By Jorge Jones, staff writer
Johannes Roberts’s horror/thriller film “47 Meters Down” is the is the most suspenseful shark movie in nearly a decade. You could say it’s “Thelma and Louise”-meets-“Jaws,” in a film that gives two sisters a few reasons to overlook their differences.
The movie dives into the lives of two sisters with opposing personalities. Lisa (Mandy Moore) and Kate (Claire Holt) are on a vacation in Mexico, brushing up on their Spanish with a couple local guys in the surrounding bars. It starts off like many shark movies before it. Every director seems to struggle to make an entertaining way to get the beautiful girls to the water, but this director does not shy away from the dramatic irony of the situation. The eventful trip needs more excitement and the group decides to use their passports to board a cage in the middle of the ocean to swim with sharks. The conflict eventuates when the cage tumbles down forty-seven meters from safety. The sisters have an hour of oxygen to implement a plan that does not involve them becoming the shark’s dinner.
“47 Meters Down”, is a much-needed addition to shark films, a genre which has always been shallow in terms of quality. The film’s excellent use of cinematography helps produce original thrills that feel fresh and exciting. “47 Meters Down”, also remains loyal and true to many shark films at the same time. However, the film is not without its weak points. “47 Meters Down”, has many common flaws that are expected with a ninety-minute shark film, but they are the same flaws that many expect should be improved as the genre progresses. For example, the characters are extremely weak and resort to calling each other names whenever communicating as the only means of deciphering them apart. The backstory of the sisters does not hit home like the director intended. Thirty minutes of the movie are spent reciting it and leading the girls to the water, where our film truly begins. This is as predictable as it is unnecessary. An easy solution could have been replacing the film’s start with one that begins on a boat and with two lines of dialogue.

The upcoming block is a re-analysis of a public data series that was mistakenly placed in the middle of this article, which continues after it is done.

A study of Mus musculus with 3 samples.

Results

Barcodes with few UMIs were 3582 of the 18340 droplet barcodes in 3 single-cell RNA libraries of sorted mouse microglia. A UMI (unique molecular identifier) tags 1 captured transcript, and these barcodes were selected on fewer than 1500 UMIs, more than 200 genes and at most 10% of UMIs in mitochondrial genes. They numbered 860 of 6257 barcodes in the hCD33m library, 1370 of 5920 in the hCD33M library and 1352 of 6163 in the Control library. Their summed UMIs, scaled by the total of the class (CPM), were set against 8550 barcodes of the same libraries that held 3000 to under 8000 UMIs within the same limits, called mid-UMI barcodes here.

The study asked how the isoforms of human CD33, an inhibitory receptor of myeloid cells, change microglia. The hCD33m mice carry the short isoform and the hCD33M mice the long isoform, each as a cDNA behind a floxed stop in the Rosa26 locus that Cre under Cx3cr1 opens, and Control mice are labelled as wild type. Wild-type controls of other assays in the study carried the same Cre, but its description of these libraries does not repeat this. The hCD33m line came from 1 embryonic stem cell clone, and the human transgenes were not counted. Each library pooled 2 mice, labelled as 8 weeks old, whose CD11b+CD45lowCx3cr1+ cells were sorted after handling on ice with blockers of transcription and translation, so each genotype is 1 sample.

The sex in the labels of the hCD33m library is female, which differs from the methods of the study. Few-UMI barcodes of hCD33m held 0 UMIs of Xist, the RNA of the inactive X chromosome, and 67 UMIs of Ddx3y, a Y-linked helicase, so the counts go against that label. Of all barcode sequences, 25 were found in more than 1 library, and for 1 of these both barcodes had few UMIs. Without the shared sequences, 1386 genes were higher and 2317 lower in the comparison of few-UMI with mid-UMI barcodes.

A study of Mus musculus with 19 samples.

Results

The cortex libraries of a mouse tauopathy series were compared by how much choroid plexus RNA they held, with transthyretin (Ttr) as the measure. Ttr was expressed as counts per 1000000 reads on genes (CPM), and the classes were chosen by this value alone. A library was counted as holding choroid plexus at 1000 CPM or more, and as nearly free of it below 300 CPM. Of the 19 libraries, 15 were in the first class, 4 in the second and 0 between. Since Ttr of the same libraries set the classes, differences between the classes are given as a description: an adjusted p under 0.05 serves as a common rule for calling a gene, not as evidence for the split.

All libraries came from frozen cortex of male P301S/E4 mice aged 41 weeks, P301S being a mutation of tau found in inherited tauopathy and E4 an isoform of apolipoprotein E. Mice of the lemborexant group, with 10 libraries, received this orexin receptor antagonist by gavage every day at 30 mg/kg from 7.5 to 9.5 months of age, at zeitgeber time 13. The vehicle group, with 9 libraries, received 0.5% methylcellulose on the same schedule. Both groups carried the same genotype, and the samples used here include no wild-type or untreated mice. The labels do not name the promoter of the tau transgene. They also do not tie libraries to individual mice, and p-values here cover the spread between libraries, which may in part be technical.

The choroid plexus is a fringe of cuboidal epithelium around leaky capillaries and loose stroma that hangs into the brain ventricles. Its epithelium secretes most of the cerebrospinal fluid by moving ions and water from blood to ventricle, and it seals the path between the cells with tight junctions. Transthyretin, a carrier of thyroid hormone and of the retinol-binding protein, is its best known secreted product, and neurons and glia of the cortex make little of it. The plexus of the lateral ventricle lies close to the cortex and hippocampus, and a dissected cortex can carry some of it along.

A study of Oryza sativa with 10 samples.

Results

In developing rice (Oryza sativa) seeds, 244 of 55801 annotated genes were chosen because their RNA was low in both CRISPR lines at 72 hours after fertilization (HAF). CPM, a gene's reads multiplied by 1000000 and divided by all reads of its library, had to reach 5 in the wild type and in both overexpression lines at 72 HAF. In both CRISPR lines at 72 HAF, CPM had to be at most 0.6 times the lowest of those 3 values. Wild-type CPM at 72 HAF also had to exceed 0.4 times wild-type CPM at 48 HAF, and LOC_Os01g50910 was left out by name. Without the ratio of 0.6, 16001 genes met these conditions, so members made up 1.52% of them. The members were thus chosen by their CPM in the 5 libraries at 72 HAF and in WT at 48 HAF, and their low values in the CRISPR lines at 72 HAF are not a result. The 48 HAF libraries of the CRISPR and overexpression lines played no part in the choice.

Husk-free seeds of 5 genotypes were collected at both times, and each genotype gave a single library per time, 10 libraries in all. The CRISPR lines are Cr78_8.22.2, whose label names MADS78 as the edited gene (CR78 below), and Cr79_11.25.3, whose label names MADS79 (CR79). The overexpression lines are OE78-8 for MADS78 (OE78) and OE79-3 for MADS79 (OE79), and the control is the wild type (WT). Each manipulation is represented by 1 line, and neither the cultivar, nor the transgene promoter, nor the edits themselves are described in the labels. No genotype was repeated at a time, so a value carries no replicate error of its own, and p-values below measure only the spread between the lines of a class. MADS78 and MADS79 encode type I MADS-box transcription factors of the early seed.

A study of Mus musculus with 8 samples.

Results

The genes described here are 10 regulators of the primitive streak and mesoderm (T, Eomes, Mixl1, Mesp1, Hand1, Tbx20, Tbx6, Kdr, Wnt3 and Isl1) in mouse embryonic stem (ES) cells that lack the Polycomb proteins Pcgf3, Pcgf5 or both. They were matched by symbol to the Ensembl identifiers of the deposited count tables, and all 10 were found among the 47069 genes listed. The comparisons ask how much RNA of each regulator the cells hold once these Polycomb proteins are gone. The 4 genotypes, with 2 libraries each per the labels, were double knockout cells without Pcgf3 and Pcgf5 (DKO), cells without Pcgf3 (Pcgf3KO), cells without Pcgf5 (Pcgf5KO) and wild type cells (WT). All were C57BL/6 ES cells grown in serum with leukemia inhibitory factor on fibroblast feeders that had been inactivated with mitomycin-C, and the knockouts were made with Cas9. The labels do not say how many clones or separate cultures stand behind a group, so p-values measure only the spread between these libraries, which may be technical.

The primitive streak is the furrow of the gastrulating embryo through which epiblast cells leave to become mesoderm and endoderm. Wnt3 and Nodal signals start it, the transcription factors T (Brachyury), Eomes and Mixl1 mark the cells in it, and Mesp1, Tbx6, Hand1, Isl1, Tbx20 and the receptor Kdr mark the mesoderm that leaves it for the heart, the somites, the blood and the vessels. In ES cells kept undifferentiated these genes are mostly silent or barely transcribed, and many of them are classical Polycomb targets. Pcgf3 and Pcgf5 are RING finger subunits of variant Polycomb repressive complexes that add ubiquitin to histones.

The film’s twist ending is hit-or-miss, with it being the most redeeming part of the film. Audience members who dislike it will find absolutely nothing good about the film. However, fans of the shark genre may have more favorable thoughts.
In conclusion, the film receives a-seven-out-of-ten-stars since it is far better than “Sharknado,” yet has a unique approach in the end. Avid shark fans will enjoy this movie. A terrific film to pick up from Redbox for a party situation but not as a holiday film for the family. “47 Meters Down” is a one-dimensional cinema piece with an ending worth arguing over.